2017 chevrolet Camaro SS Convertible
With muscular looks, a tire-scorching V8 and the wind-in-your-hair driving experience that only a convertible can provide, the drop-top Camaro SS is a recipe for big fun. It's also refined enough for the daily commute and sufficiently spacious to carry four passengers in a pinch.
Those looking for a fuel-sipping drop-top should check out the V6-equipped Camaro Convertible, which returns 28 mpg on the highway.
The Camaro's cloth top is fully power-operated and can be raised or lowered at speeds of up to 30 miles per hour. When down, it takes up about a quarter of the trunk, although there's still 7.3 cubic feet of room left over.
When you chop off the roof of a vehicle a significant source of structural rigidity is lost, but the new Camaro was engineered with the convertible in mind, so there's no cowl shake or other tangible feelings of absent rigidity.
Staying true to its decades-old formula, the latest Camaro SS comes packing a Chevrolet small block V8 underhood. But unlike Chevy small blocks of yore, the 6.2L V8 in the latest Camaro SS comes packing the latest technologies, including direct-injection, variable valve timing and active fuel management. As a result, the Camaro SS generates 455 horsepower and 455 lb-ft of torque.
The Camaro SS comes standard with a six-speed transmission, but an eight-speed automatic is optional. When equipped with the available eight-speed auto, the Camaro SS can accelerate from 0-60 in just 4.0-seconds. Despite that blazing performance, the Camaro SS eight-speed can return 18mpg in the city and up to 28mpg on the highway.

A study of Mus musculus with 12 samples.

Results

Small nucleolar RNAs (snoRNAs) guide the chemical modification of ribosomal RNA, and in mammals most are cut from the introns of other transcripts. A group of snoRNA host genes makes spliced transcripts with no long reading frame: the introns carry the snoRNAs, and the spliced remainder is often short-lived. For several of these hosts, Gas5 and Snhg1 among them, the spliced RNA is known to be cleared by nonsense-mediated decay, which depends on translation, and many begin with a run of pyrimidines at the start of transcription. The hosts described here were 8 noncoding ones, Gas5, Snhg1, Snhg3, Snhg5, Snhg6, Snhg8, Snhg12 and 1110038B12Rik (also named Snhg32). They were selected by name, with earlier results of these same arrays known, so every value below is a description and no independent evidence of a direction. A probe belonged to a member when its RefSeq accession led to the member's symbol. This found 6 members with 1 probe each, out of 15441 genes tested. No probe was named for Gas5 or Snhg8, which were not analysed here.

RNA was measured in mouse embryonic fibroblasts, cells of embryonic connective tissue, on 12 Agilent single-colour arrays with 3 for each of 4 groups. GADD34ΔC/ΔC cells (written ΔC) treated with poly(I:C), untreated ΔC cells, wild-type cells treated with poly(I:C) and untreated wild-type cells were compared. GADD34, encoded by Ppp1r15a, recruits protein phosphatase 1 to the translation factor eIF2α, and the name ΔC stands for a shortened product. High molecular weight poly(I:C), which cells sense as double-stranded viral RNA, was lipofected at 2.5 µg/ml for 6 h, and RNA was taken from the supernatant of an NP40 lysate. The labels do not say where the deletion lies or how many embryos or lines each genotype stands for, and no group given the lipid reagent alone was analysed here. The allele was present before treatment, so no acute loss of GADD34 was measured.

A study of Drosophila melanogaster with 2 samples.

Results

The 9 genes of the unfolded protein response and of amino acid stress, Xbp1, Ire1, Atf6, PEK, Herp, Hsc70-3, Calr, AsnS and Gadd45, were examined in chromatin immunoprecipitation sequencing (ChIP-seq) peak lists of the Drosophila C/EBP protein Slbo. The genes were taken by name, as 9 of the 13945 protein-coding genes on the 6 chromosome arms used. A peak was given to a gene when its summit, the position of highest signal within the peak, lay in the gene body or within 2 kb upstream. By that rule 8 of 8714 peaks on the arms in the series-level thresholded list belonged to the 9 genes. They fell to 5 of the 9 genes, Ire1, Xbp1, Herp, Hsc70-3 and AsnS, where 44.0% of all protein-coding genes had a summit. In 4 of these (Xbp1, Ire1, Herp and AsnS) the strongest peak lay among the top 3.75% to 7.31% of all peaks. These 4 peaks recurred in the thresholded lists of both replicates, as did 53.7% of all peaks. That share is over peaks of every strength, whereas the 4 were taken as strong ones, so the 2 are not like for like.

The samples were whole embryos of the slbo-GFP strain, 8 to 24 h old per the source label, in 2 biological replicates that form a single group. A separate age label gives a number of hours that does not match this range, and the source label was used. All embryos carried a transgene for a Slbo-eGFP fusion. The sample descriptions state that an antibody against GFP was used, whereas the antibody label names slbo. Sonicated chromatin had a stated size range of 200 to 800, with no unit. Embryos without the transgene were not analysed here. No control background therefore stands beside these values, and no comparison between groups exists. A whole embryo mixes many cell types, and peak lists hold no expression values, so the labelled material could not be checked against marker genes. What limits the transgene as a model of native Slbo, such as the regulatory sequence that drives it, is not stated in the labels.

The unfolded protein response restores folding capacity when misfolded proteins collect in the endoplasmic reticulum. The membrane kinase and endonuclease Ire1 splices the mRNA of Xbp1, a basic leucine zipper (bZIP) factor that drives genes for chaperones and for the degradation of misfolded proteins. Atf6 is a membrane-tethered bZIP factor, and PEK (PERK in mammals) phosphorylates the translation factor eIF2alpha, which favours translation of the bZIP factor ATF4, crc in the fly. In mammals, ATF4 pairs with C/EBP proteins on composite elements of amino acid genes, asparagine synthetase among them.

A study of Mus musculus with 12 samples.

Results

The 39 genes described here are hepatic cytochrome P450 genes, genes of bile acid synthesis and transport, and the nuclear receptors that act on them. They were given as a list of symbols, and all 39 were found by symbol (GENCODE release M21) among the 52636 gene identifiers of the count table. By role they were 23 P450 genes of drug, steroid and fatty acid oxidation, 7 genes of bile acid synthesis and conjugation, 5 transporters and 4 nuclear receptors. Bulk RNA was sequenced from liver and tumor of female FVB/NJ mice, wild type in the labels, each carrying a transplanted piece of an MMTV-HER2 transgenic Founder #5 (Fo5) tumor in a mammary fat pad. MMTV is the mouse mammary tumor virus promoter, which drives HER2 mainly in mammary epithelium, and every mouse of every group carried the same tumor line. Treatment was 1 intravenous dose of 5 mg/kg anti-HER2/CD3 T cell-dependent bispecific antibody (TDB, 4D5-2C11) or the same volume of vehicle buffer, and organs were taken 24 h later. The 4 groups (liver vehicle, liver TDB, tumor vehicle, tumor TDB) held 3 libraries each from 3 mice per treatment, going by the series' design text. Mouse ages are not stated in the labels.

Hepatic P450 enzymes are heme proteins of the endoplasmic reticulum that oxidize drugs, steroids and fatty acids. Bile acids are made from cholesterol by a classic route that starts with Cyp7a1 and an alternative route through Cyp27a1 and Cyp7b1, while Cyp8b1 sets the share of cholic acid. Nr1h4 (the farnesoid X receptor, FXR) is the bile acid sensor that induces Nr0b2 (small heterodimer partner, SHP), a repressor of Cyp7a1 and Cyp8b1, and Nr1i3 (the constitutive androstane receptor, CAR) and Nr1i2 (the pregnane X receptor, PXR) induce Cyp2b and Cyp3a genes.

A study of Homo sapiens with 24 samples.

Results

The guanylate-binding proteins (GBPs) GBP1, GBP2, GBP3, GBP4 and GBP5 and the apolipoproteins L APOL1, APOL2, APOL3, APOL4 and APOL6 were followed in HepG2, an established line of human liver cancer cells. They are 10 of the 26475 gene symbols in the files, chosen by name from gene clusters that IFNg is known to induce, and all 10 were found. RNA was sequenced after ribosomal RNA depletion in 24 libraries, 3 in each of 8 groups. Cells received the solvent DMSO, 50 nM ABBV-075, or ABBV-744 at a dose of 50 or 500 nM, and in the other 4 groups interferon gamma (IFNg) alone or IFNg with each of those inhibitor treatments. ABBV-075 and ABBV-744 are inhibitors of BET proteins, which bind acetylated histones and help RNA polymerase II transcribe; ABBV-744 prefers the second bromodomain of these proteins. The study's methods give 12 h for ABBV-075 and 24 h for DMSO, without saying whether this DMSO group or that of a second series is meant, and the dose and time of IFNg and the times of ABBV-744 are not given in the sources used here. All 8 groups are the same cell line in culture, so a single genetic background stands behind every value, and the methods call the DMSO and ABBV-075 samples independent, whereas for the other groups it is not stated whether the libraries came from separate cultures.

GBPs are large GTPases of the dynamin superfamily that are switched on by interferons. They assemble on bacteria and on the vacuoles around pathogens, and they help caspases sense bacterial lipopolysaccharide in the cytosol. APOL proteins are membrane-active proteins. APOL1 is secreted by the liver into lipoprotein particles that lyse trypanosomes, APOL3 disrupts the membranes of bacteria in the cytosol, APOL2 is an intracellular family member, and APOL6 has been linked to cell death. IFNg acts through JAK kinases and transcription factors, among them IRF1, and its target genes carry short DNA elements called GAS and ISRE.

The Camaro SS makes use of General Motors latest Alpha rear-wheel drive platform. In addition to being more rigid than the Camaro's old Zeta platform, the new Alfa architecture has helped shave a significant 223 pounds from the Camaro SS' curb weight.
Other performance upgrades packaged with the SS trim include a rear spoiler, four-piston Brembo brakes, a limited-slip rear differential and added cooling systems for the car's differential, transmission and engine oil. GM's Magnetic Ride Control suspension system can be added to the Camaro SS for an additional charge.
The latest Camaro SS shares most of its exterior styling with the standard Camaro model, but the performance version of the pony car does boast a few unique design cues, including standard HID headlights with LED accents, LED taillights and 20-inch wheels. The Camaro SS ships standard with an 8-inch touchscreen infotainment system and a configurable driver information center. A rear cross-traffic alert system is optional but really should be standard given the Camaro's poor outward visibility.
The 1SS trim is the entry point into the Chevrolet Camaro SS lineup and includes a six-speaker audio system, SiriusXM Satellite Radio, Bluetooth connectivity, OnStar, power-adjustable front seats, cloth upholstery and USB ports.
The top spec Camaro SS 2SS trim adds leather upholstery, a head-up display, heated steering wheel, front bucks with heating a ventilation, universal home remote, a 7-speaker premium Bose audio system and dual-zone climate control.
All Camaro SS models come standard with a comprehensive safety suite that includes six standard airbags (including knee airbags for the driver and front passenger), StabiliTrack electronic stability control and OnStar automatic crash response. A rear-view camera is also standard.
The only similarly priced, V8-powered open-air alternative to the Camaro SS is the Ford Mustang GT Convertible. The athletic Nissan 370Z Roadster is another worthy rival, while the Audi TT Roadster is a stylish but less powerful option.